The broken WCA test - a Government Solution

7:30AM GMT 28 Nov 2011

- the backlog in appeals
- the fact that the savings made forcing people off benefit into jobs that do not exist via ATOS are squandered in the cost of appeals
- the upcoming predicted rise in the volume of appeals as a result of a flawed ATOS / LiMA assessment

And what is the Governments 'fix' ?, are they going to make adjustments to the descriptors and LiMA programme ? - No they are going to hire more Judges to speed up the appeals, which begs the question :

.Q. If the current savings made by taking benefits away from the disabled are swallowed by the current cost of appeals, how does recruiting an extra 84 Judges at a pro-rata salary of £101,000 per year make economic .. .. let alone social justice sense .. .. madness :eek:
Disclaimer : Everything I write on this forum is my opinion. I try to be an even-handed poster and accept that you at times may not agree with these opinions or how I choose to express them, this is not my problem. The Disabled : If years cannot be added to their lives, at least life can be added to their years - Alf Morris - ℜ

Replies

  • 115 views and no comments eh !

    - if they got the soddin' ESA decision right in the first place there would be no need for the whole exercise in cutting back appeal rights
    - but that would show the truth of the real political intention which is of course to arbitrarily reduce the ESA numbers
    - mind you 87 new posts at £100k pa is a nice boost to the ex Oxford & Cambridge [STRIKE]school chums[/STRIKE] friends of the top echelon of Government
    Disclaimer : Everything I write on this forum is my opinion. I try to be an even-handed poster and accept that you at times may not agree with these opinions or how I choose to express them, this is not my problem. The Disabled : If years cannot be added to their lives, at least life can be added to their years - Alf Morris - ℜ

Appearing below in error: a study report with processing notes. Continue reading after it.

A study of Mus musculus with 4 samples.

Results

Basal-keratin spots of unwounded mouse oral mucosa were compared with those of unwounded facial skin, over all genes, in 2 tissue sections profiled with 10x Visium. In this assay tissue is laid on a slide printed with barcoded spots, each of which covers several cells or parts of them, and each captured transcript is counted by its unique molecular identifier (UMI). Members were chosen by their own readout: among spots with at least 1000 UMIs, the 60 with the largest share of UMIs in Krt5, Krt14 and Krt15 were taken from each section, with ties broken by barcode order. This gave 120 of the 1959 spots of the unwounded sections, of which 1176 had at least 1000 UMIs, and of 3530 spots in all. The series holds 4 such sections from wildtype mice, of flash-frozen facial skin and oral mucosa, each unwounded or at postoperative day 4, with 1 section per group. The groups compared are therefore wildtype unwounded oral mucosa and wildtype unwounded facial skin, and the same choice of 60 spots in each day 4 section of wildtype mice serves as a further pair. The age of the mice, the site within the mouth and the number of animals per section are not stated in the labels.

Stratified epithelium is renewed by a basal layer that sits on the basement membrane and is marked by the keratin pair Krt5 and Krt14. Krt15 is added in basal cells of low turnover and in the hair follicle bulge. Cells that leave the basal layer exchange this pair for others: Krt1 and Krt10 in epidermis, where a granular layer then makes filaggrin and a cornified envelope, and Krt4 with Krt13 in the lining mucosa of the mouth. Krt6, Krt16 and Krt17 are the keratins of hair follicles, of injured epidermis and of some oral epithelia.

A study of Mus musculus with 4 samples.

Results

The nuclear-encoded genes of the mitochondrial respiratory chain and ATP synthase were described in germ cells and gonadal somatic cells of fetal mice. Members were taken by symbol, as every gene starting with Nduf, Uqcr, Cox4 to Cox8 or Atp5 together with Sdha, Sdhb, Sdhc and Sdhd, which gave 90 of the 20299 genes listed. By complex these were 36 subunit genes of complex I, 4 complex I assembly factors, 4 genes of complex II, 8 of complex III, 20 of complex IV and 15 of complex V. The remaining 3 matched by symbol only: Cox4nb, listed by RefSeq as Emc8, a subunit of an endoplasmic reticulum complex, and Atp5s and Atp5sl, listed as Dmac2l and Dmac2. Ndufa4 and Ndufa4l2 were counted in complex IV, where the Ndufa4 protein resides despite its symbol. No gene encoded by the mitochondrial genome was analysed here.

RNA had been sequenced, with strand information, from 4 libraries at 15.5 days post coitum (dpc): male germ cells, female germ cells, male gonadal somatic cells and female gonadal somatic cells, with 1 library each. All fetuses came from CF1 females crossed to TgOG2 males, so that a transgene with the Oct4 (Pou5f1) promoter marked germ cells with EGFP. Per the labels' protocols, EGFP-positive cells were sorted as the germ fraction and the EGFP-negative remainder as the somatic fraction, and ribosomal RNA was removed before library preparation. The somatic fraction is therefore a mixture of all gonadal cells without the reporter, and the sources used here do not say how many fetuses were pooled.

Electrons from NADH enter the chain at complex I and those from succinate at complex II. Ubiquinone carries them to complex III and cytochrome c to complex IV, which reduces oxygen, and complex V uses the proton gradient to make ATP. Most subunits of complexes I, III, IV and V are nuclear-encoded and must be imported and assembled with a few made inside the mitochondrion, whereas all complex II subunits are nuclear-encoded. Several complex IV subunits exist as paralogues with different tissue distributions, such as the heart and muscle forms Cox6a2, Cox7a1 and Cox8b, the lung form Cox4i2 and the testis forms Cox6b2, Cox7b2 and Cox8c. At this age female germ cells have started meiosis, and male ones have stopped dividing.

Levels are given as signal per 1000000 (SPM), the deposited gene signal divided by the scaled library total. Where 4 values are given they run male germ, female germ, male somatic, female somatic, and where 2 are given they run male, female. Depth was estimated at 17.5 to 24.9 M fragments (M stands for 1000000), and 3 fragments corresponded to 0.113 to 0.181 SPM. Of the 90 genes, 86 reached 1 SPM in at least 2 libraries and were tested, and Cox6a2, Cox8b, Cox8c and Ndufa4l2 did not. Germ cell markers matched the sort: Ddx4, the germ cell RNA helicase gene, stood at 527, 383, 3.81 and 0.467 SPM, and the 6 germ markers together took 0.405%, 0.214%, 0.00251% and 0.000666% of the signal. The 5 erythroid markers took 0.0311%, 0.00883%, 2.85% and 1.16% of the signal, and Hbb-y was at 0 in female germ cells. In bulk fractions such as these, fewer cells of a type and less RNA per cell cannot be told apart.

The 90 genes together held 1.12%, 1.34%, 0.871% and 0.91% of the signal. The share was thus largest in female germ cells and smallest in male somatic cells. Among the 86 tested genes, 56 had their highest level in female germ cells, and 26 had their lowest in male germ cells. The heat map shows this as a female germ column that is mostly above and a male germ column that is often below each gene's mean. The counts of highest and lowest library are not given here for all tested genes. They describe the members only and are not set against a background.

• This needed to be done in any case.
    Current appeals are hitting close to a year in some cases.
    This does nobody any good.
    Claimants have problems remembering what their condition was at the time of the original decision, and tribunals have a hopeless task working it out.
    More rapid feedback might let more decisionmakers make better decisions in addition.
  • Just wondering and if anyone has tried the test. Does the current year breach the European Human Rights Charter?

    Article 3: "degrading treatment"
    Article 7 - retrospectivity ; ESA and changing the rules retrospectively that included taking benefit from claimants "retrospectivly" if when you win your appeal, but have been on it for 9 months?
    Article 8 - privacy? Using a credit reference agency to see what you have credit.
    Article 14 - discrimination; are all the changes and re-catigorising the disabled discriminorty?

    Now, I am sure there is grounds somewhere with the unessesary "mental anguish that flthe waiting times are causing.
  • Brassedoff wrote: »
    Article 7 - retrospectivity ; ESA and changing the rules retrospectively that included taking benefit from claimants "retrospectivly" if when you win your appeal, but have been on it for 9 months?

    The appeal re-determines the original decision, re-making it as if it had been made at the original time.
    It does not (usually) redetermine the later period.
    How is this reterospective?
    It's an appeal against a decision.
    Yes, the process is delayed, but this doesn't make it not an appeal.